Monday, June 30, 2014

Understand The Jihad Concept, Advice For Muslims

An Islamic scholar says Muslims should understand the concept of 'jihad' so as not to be easily influenced and deceived in their eagerness to struggle for Islam to obtain 'pahala' (God's reward).

Datuk Mohamad Shukri Mohamad, who is the mufti of Kelantan, said many understood the meaning of jihad from the orientalist viewpoint that associated it with 'holy war', meaning opposing non-Muslim adversaries.

"That is why it is not suitable to use jihad in the context of the issue in Syria because it is between Muslims, and it is unfair for us to declare the opponents as non-Muslims.

"If the war prolongs, it will bring greater harm to the people there, particularly the women, children and the elderly," he said .
 The dean of the International Institute of Islamic Thought and Civilisation (ISTAC), International Islamic University, Malaysia, Prof Emeritus Datuk Dr Mahmood Zuhdi Abdul Majid, said misunderstanding of the jihad concept could lead to Muslims getting involved in extremist activitie.

"Muslims in the country should enhance their understanding of jihad to avoid confusion that could result in them applying the jihad concept inappropriately," he added.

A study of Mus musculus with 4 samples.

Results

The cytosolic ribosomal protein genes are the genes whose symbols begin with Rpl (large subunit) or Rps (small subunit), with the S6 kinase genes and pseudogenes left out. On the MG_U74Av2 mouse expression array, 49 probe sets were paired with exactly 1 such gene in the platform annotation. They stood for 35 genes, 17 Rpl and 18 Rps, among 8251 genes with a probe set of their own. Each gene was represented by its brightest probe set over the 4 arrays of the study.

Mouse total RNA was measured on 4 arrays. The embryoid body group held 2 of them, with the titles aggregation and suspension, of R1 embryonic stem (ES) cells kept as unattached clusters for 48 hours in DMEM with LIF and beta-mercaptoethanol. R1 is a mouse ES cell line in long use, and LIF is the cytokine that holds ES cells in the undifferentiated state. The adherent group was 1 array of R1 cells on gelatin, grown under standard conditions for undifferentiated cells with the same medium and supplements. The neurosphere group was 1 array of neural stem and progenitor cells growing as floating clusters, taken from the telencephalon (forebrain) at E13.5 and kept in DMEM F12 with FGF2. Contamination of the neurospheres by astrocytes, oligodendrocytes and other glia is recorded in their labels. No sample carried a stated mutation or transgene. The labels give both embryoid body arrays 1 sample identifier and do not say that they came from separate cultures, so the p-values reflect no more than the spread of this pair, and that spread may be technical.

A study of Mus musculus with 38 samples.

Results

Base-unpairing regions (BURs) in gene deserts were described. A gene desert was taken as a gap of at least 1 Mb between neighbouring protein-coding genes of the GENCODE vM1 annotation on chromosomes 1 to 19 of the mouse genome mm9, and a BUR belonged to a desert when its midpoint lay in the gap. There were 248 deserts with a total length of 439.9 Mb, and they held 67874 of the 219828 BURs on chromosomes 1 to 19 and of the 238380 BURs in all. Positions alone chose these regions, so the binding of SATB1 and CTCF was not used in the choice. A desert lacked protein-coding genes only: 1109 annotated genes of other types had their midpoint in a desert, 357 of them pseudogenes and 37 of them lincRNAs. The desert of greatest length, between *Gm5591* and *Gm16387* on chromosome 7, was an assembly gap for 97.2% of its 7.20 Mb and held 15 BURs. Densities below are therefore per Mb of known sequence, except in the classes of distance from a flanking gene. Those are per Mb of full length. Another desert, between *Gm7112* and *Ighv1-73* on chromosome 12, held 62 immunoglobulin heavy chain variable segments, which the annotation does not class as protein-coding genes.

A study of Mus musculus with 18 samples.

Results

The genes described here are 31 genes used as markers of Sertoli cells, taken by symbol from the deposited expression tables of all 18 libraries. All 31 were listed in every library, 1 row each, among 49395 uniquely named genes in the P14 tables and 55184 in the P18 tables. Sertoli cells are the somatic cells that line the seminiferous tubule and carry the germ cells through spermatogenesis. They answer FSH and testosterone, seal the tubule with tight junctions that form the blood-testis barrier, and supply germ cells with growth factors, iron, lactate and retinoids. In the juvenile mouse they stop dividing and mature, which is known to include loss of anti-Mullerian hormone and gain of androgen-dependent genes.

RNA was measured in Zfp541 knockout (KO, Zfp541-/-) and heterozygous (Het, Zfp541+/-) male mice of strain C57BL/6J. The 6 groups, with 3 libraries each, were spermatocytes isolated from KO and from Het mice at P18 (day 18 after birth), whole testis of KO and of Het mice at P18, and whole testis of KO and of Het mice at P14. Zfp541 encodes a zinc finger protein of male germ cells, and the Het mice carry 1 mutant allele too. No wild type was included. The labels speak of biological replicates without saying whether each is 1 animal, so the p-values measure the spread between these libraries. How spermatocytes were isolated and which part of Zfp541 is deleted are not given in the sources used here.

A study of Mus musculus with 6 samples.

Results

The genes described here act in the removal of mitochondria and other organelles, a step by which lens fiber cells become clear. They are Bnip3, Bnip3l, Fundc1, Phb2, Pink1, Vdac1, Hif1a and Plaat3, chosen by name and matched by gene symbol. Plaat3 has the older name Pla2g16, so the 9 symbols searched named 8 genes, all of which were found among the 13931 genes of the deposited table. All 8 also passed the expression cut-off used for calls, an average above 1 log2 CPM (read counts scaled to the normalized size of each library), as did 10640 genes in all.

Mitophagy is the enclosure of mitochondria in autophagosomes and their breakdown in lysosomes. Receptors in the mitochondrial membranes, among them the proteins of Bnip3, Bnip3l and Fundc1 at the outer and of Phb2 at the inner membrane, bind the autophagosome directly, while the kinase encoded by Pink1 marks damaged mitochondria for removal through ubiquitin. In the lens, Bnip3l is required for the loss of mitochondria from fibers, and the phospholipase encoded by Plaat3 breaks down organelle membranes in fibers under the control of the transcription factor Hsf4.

On the involvement of several Malaysians in the Syrian conflict, Mahmood Zuhdi, who is also chairman of the Council of the Deans of Islamic Studies in the Public Institutes of Higher Learning, said there were other ways for Muslims in Malaysia to undertake the jihad.

He said jihad had a broad meaning and encompassed various aspects, including thought, energy, property and education.

"One can also undertake the jihad in Malaysia, although in a different way from the people's understanding of that in Syria. For example, Muslims here can undertake the jihad for the economy because our economy is still lagging.

"They can also undertake the jihad for greater unity of the people because there is still room for building a strong and united Muslim community," he added.

The former mufti of Perlis, Dr Asri Zainul Abidin, said there was no need for Muslims to undertake the jihad to the extent of them going to Syria if they did not have a clear picture of the situation there.

"They may encounter problems, such as language barrier and may have to rely on an interpreter, and if that person lies to gain sympathy, they will be deceived,' he added.

He said that even the ulama (Islamic scholars) in Syria had advised Muslims against supporting the militants from the Islamic State of Iraq and the Levant (ISIL) because the war was between Muslims and hence not in line with the jihad concept.

"Our religion says we can criticise, oppose or have different opinions among Muslims, but we cannot kill one another, and there are other ways to resolve disputes," he added.

He said if Muslims truly wanted to undertake the jihad, they could do so in matters that were much clearer, like the Palestinian cause.